PROS: Ma knows what he’s talking about, from his logical take on the Vampire myth to his no-nonsense approach to fitness in a bloodsucker’s world.
CONS: Is sometimes too similar to the The Zombie Combat Manual, but since the books are meant to be part of a series, it can be overlooked.
BOTTOM LINE: An entertaining concept, executed well.
There are three main threads running through this book simultaneously: a discussion of the “truth” about vampires, first hand “accounts” of survivors and ghouls, and an easy-to-understand guide to preparing for a vampire attack. The vampire facts weren’t that different from what gets discussed with some seriousness by people who think the Twilight movies were way off base. Obviously, vampires don’t sparkle, turn into mist, or want to have sex with you. According to Ma, all of those myths are part of a carefully conceived plan by the creatures of the night to confuse us humans.
Actually, he makes a good argument for it. Vampires want young goth girls to think they’re attractive so they don’t struggle when it’s time to feast. That makes sense, since an unwilling victim can do some damage even to a stronger, quicker attacker. At the same time, if you’re expecting a cornered vampire to turn into a wolf, bat, or rat, you might be distracted when one of those animals comes out of the darkness at you, giving the vampire time to escape. Discerning fact from fiction is the first step in saving your life.
The second step, Ma feels, is to give you eyewitness accounts of the horror you face, so that you’re more emotionally prepared. We all know that one of the biggest dangers we face isn’t from the vamp we don’t know, but from the one that used to be someone we loved. These personal stories range from war time reports to scattered tales from survivors, and even include one-on-one conversations with the talkative undead.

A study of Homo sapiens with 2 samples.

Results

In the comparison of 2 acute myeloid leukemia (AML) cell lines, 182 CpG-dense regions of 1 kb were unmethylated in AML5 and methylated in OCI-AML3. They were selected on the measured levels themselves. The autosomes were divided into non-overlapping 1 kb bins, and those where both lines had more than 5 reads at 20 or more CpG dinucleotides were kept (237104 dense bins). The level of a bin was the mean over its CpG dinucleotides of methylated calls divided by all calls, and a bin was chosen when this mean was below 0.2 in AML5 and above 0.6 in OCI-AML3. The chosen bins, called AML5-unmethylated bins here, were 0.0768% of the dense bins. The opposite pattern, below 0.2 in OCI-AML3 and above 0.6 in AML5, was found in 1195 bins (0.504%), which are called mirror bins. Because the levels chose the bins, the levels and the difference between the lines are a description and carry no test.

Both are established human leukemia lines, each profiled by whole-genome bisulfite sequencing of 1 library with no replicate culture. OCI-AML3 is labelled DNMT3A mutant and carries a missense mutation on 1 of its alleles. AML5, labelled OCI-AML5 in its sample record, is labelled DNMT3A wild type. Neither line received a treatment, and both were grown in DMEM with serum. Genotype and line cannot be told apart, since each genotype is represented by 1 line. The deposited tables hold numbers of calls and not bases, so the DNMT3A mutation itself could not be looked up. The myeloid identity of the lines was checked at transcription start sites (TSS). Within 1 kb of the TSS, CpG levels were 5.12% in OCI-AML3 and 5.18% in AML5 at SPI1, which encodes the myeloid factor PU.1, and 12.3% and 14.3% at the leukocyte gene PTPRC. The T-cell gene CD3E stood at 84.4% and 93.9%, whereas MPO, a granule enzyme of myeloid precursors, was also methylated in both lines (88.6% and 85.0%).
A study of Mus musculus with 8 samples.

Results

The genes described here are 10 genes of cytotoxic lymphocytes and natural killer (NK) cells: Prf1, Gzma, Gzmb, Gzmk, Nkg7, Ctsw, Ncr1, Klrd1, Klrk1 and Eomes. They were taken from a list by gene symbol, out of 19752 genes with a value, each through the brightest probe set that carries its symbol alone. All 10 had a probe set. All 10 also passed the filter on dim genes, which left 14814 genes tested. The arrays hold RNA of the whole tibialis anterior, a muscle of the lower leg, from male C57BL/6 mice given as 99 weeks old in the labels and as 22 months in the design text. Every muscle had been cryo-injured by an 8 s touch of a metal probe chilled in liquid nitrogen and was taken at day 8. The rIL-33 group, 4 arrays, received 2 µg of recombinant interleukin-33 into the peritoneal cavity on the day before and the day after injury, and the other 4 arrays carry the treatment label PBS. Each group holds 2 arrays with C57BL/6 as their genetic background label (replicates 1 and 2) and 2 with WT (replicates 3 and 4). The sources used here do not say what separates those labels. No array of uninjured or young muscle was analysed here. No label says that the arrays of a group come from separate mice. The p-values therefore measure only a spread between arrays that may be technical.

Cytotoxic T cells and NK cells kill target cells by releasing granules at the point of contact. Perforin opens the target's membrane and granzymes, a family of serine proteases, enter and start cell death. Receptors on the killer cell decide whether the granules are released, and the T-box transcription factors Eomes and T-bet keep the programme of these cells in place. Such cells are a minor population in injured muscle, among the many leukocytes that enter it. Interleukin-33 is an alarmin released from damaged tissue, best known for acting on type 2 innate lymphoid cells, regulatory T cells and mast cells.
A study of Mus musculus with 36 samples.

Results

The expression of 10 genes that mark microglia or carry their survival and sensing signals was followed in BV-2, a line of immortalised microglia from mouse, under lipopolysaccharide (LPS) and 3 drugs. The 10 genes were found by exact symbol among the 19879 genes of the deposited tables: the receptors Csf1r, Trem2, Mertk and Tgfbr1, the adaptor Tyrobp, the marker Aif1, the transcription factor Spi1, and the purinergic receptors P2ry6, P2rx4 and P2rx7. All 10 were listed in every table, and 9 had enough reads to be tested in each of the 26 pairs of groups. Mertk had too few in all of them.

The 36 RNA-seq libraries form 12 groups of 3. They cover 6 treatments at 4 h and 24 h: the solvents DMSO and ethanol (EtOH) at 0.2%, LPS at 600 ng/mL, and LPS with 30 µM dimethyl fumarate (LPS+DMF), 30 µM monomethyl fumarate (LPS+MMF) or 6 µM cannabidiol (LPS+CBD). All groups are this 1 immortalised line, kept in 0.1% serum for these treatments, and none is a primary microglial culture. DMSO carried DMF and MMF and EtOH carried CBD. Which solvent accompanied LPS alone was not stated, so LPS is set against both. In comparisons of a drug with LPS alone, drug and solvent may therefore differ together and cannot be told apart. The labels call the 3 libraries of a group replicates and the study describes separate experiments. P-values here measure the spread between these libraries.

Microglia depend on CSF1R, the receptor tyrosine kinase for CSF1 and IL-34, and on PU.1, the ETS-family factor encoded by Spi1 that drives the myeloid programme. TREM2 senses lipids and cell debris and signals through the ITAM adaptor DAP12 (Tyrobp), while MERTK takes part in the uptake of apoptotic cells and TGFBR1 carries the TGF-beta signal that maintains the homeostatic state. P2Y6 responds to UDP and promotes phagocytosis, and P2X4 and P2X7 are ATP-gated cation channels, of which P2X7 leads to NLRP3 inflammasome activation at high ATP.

The third step to surviving a vampire attack is to be prepared for it. This means knowing your body type (I’m an “endocombatant”), making peace with your religious and spiritual leanings, and a series of exercises to work those staking muscles. It also means that a big part of the book is dedicated to the various weapons and everyday objects which can save your life.
Ma does not skimp on knowledge. He tells you which martial arts styles might be helpful to know, advises you on how to assess your opponent, and even takes the seasons into consideration. His combat techniques are well-thought out and tailored to your abilities. Kurt Miller’s illustrations add a visual component for those learners who need to see an example of the lesson. There are also helpful notes as to the range and availability of any weapon, as well as the skill level needed to use it properly.
My favorite section was the incredibly detailed discussion of stakes: wood types, weapon dimensions, optimal design, and different ways to mount the stakes on your body (complete with drawings!).
Overall I’d say this is a great addition to any monster-fighting library. I know that if vampires turn out to be real, I want Roger Ma standing between me and their sharp fangs. Failing that, I’ll take the book.
Want to win my review copy of the book? Leave a comment below telling me who which vampire you’d like to be prepared to take out. Nosferatu, Dracula, Lestat, Edward? Winner will be randomly selected from the comments on December 1, 2012.